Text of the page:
Culture Street

Food

Portuguese Tarts

On July 26, 2013

These tarts are called pastéis de nata, or cream pastries, in their homeland of Portugal. They are notoriously difficult to make as the pastry requires a high temperature and the custard a low one, however this recipe for the home cook is achievable and gives an authentic result.

MAKES: 12

PREPARATION TIME: 1 hour 15 minutes (+ 1 hour 20 minutes chilling)

COOKING TIME: 20–25 minutes

Ingredients

165 g (5¾ oz/¾ cup) caster (superfine) sugar, plus

1 tablespoon, extra

250 ml (9 fl oz/1 cup) milk

50 g (1¾ oz/1/3 cup) plain (all-purpose) flour

1 vanilla bean, split lengthways and seeds scraped

1 x 10 cm (4 inch) long strip lemon zest

4 egg yolks

185 ml (6 fl oz/¾ cup) pouring (whipping) cream

1 teaspoon ground cinnamon

½  quantity puff pastry

1. Preheat the oven to 240°C (475°F/Gas 8). Position an oven shelf at the top of the oven. (Tarts need to be cooked at the top of the oven where it’s hottest.) Lightly grease a 12-hole
80 ml (2½ fl oz/1/3 cup) muffin tin.

2. Combine the sugar and 125 ml (4 fl oz/½ cup) water in a small saucepan over low heat. Cook, stirring, until the sugar dissolves. Bring to a simmer over medium heat and simmer for 5–7 minutes or until the mixture reaches soft-ball stage (112°C/235°F on a sugar thermometer. Remove from the heat and set aside.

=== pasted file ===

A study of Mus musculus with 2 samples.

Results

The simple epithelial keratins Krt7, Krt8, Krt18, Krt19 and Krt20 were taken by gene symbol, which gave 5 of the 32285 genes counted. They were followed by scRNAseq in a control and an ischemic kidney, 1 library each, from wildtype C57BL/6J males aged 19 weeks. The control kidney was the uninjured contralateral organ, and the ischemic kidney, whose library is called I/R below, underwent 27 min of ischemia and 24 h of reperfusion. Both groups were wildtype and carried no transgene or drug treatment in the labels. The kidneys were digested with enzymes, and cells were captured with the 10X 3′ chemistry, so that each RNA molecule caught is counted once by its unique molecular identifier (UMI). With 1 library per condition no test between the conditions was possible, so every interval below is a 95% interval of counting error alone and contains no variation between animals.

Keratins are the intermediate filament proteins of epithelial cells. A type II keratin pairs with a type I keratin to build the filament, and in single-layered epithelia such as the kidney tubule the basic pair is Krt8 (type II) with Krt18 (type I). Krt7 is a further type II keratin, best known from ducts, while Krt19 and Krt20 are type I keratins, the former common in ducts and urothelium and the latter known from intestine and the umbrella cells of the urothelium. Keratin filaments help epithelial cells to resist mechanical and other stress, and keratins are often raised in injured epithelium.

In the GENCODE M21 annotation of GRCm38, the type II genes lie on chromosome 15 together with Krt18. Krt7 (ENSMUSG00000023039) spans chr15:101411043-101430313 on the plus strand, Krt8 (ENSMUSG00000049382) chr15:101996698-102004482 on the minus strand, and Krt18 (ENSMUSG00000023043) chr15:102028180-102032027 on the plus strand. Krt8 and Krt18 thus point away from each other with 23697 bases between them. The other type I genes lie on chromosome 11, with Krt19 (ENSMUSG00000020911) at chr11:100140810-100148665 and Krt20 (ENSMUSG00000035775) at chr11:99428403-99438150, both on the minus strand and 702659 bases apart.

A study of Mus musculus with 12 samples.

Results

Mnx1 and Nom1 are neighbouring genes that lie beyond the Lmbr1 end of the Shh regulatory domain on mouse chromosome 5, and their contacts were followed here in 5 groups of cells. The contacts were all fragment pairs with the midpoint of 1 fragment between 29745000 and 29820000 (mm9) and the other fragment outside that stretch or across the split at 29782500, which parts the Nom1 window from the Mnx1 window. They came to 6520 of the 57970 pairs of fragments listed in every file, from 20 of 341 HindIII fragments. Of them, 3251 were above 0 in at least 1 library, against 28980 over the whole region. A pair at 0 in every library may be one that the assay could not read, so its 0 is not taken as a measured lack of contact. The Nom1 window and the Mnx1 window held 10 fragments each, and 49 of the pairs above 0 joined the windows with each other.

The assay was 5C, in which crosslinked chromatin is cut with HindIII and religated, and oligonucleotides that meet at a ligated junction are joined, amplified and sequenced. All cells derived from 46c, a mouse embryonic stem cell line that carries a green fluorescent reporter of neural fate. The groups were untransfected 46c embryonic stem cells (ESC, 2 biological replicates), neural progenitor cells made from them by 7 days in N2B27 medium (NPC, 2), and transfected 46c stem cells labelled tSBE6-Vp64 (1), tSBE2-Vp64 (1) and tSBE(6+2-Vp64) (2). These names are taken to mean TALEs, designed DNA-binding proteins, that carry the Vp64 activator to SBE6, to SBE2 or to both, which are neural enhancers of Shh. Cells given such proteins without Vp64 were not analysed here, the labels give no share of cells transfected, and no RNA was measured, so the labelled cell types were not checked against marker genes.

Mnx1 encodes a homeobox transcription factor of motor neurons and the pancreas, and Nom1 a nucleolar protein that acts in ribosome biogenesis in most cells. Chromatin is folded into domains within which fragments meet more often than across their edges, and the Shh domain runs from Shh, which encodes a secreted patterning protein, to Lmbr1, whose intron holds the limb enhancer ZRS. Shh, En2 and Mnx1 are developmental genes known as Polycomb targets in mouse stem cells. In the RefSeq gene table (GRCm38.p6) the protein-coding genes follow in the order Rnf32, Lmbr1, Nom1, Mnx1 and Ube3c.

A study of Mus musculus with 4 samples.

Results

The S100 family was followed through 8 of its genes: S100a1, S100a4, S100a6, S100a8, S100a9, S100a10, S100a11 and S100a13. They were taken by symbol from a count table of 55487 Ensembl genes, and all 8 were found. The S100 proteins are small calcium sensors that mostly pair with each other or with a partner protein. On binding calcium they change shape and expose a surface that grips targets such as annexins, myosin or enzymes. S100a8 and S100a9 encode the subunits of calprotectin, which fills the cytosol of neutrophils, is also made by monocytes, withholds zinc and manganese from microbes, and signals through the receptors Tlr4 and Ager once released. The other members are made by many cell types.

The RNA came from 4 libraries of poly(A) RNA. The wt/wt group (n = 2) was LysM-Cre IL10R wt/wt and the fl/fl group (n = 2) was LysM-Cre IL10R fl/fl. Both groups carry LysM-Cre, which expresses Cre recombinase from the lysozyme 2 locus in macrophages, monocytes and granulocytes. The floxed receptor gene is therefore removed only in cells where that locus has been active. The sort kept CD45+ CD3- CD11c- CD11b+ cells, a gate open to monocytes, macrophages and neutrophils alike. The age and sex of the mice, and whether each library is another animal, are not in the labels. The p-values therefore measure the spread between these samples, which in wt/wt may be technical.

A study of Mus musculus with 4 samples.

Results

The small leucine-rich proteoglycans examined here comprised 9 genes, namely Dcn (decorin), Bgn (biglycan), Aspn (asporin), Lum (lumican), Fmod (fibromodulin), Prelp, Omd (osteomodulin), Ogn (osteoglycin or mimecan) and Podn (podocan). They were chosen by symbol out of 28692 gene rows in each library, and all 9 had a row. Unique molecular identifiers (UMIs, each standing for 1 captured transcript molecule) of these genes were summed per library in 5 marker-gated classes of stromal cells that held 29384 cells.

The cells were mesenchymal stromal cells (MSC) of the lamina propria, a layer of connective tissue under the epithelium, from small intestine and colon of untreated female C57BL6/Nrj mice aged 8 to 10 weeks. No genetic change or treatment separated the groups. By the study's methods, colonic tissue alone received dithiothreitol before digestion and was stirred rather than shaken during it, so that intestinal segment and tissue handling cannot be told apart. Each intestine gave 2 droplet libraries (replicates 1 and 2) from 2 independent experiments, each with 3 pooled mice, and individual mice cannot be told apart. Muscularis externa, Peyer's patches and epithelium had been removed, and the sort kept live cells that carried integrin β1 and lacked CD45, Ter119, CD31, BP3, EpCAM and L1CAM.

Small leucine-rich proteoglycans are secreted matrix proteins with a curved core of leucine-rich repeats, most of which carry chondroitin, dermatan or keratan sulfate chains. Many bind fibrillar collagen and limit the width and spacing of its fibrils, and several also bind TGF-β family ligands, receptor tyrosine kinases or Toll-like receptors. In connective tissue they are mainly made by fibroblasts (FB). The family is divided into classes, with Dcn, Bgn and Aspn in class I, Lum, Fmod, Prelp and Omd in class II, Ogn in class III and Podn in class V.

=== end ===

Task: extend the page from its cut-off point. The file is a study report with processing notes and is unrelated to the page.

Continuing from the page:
3. Meanwhile, put 60 ml (2 fl oz/¼ cup) of the milk and the flour in a small bowl and stir until smooth. Place the remaining milk, vanilla seeds and pod, and lemon zest in a small saucepan. Bring to the boil, then remove from the heat. Add the flour mixture, stirring constantly until smooth. Add the egg yolks, stirring constantly until well combined. Stir in the cream until combined. Add the sugar syrup in a slow, steady stream, stirring constantly until combined. Transfer to a heatproof jug and set aside to cool slightly while you roll out the pastry.

4. Combine the extra sugar and cinnamon in a small bowl. Use a lightly floured rolling pin to roll out the pastry on a clean work surface to a 30 x 35 cm (12 x 14 inch) rectangle. With a long side facing you, sprinkle the pastry with the cinnamon mixture. Starting at the side closest to you, roll up the pastry tightly to form a 35 cm (14 inch) long log . Cut the log into 12 slices, about 3 cm (1¼ inches) wide.

5. Working with one slice at a time, place, cut side down, on a lightly floured work surface. Gently press with the heel of your hand to flatten slightly, then use a lightly floured rolling pin to roll out the pastry to form a 9 cm (3½ inch) round. Use a round 9 cm (3½ inch) pastry cutter to trim the edges as necessary. Gently press each round into a greased muffin hole, using your fingertips to carefully press them into the base and side of each hole. Divide the custard mixture among the pastry shells. Bake for 6–10 minutes or until the custard is firm to touch and beginning to brown in patches. Cool in the tin for 5 minutes, then transfer to a wire rack to cool completely.

TIP: These tarts are best eaten on the day they are baked.

Recipe from Mastering the Basics, PIES, TARTS & PASTRIES published by Murdoch Book, RRP $24.95. Available now from bookshops and online.